USA proposes tariffs on $200 billion more in Chinese imports

USA proposes tariffs on $200 billion more in Chinese imports

"We have been very clear and detailed regarding the specific changes China should undertake", Lighthizer added.

The U.S. government said the new tariffs are in response to Beijing's June 15 tariffs on $50 billion in U.S. exports, which were themselves in retaliation for President Trump's initial tariffs against China.

The Trump administration on July 6 imposed 25 per cent duties on US$34 billion in Chinese imports, the first time the president has implemented tariffs directly on Beijing after threatening to do so for months.

The Chinese commerce ministry has slammed the USA plan to impose tariffs on additional imports worth some $200 billion as totally unacceptable, promising a mirror response to defend its national interests. So far, the USA has raised tariffs, or import taxes, on shy of $40 billion of Chinese goods and it might be quintupling that before the end of September.

The first USA tariff list focused on Chinese industrial products to help cushion the impact on American consumers.

It also includes consumer goods ranging from vehicle tires, furniture, wood products, handbags and suitcases, to dog and cat food, baseball gloves, carpets, doors, bicycles, skis, golf bags, toilet paper and beauty products.

One problem for Beijing is that it imports far less from the US than it exports - much to the annoyance of Donald Trump - and that gives it less scope to retaliate - they may run out of American goods to penalise. "There is no justification for such action", he said in a statement. The US has suggested that it may ultimately impose tariffs on $500 billion worth of Chinese goods, or roughly the entire amount of US imports from China.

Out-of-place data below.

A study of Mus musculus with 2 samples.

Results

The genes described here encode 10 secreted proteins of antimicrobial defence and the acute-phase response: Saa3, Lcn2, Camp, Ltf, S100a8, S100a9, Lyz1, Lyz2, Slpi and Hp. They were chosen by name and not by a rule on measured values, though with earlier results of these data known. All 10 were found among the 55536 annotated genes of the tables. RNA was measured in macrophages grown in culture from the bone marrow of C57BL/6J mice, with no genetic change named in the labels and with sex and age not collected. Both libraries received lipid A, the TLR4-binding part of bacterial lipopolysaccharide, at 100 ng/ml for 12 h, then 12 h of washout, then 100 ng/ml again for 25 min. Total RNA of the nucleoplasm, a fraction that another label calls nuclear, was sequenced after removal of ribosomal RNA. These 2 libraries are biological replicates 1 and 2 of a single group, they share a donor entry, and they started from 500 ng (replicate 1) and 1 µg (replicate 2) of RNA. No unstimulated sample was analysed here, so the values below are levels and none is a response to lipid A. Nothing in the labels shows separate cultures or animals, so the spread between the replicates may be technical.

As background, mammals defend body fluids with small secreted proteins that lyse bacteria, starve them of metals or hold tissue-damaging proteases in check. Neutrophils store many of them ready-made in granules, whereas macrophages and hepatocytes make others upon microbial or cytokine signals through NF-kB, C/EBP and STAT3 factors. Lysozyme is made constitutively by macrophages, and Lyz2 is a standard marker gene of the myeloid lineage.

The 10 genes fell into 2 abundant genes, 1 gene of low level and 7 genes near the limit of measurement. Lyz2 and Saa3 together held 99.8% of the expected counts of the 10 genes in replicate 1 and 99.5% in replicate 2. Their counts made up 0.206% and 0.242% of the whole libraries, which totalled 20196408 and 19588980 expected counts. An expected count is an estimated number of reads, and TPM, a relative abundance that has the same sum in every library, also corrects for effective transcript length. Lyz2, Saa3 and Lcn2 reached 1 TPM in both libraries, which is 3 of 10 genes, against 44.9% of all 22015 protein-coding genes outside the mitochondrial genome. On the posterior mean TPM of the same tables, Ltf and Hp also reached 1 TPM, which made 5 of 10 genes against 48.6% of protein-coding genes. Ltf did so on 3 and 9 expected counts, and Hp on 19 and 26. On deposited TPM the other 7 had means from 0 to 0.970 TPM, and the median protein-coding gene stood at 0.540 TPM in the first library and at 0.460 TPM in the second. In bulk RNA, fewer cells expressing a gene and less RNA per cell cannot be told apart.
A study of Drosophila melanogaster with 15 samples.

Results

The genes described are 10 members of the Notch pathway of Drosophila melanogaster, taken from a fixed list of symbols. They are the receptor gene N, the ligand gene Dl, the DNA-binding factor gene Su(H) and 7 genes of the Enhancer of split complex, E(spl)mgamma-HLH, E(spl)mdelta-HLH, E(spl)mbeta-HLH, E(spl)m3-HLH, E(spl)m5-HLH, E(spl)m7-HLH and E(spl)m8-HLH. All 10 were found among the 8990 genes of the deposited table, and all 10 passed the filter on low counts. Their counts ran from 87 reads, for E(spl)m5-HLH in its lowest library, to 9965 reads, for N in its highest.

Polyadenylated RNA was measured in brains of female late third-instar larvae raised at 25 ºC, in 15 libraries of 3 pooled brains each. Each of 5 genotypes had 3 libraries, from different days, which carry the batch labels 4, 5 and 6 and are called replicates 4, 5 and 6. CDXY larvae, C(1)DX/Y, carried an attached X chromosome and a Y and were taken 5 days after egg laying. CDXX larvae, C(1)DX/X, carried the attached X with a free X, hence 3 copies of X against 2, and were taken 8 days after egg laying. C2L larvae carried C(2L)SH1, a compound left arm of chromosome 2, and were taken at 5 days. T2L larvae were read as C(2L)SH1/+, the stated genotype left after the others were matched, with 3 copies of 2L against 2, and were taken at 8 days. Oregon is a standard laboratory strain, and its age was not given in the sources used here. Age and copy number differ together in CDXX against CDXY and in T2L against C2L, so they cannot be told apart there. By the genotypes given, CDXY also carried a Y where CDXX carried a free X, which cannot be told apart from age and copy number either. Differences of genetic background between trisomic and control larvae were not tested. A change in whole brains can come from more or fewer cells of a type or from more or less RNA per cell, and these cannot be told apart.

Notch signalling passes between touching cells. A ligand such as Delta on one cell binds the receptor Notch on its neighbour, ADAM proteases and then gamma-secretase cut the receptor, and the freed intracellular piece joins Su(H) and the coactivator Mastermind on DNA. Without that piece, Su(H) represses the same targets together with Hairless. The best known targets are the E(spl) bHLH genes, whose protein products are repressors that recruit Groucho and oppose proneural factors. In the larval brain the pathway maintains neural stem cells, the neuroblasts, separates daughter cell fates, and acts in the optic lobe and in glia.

Asian equities tumbled in morning trade on Wednesday, led by losses in China as trade developments returned to focus after the Trump administration announced a list of tariffs on $200 billion in Chinese goods.

The Trump administration has stepped up its trade war against China with the announcement that US Trade Representative, Robert Lighthizer, will begin an investigation with a view to putting a 10 percent tariff of $200 billion worth of Chinese goods by the end of August.

Donald Trump's threat to impose tariffs on an extra $200bn of Chinese imports is causing rising anxiety.


The move drew immediate condemnation from Senate Finance Chairman Orrin Hatch, a Republican from Utah, who called it "reckless" and not "targeted".

The National Association of Manufacturers also criticized the US decision, saying this latest round of tariffs could undermine the economic gains from the administration's tax and regulatory reform policies.

Trump has said the European Union is "possibly nearly as bad as China" when it comes to trade, as a raft of retaliatory tariffs from Brussels came into effect on June 22.

"American families are the ones being punished".

China has, in recent years, become a key export market for growing USA energy exports.

China's commerce ministry said on Wednesday it was "shocked" and would complain to the World Trade Organisation, but did not immediately say how it would retaliate.

The earliest they would come into effect is September.

However, the Trump administration has brushed aside such concerns and is pressing ahead not only against China but also against the European Union, which Trump has declared to be as bad as China, only smaller.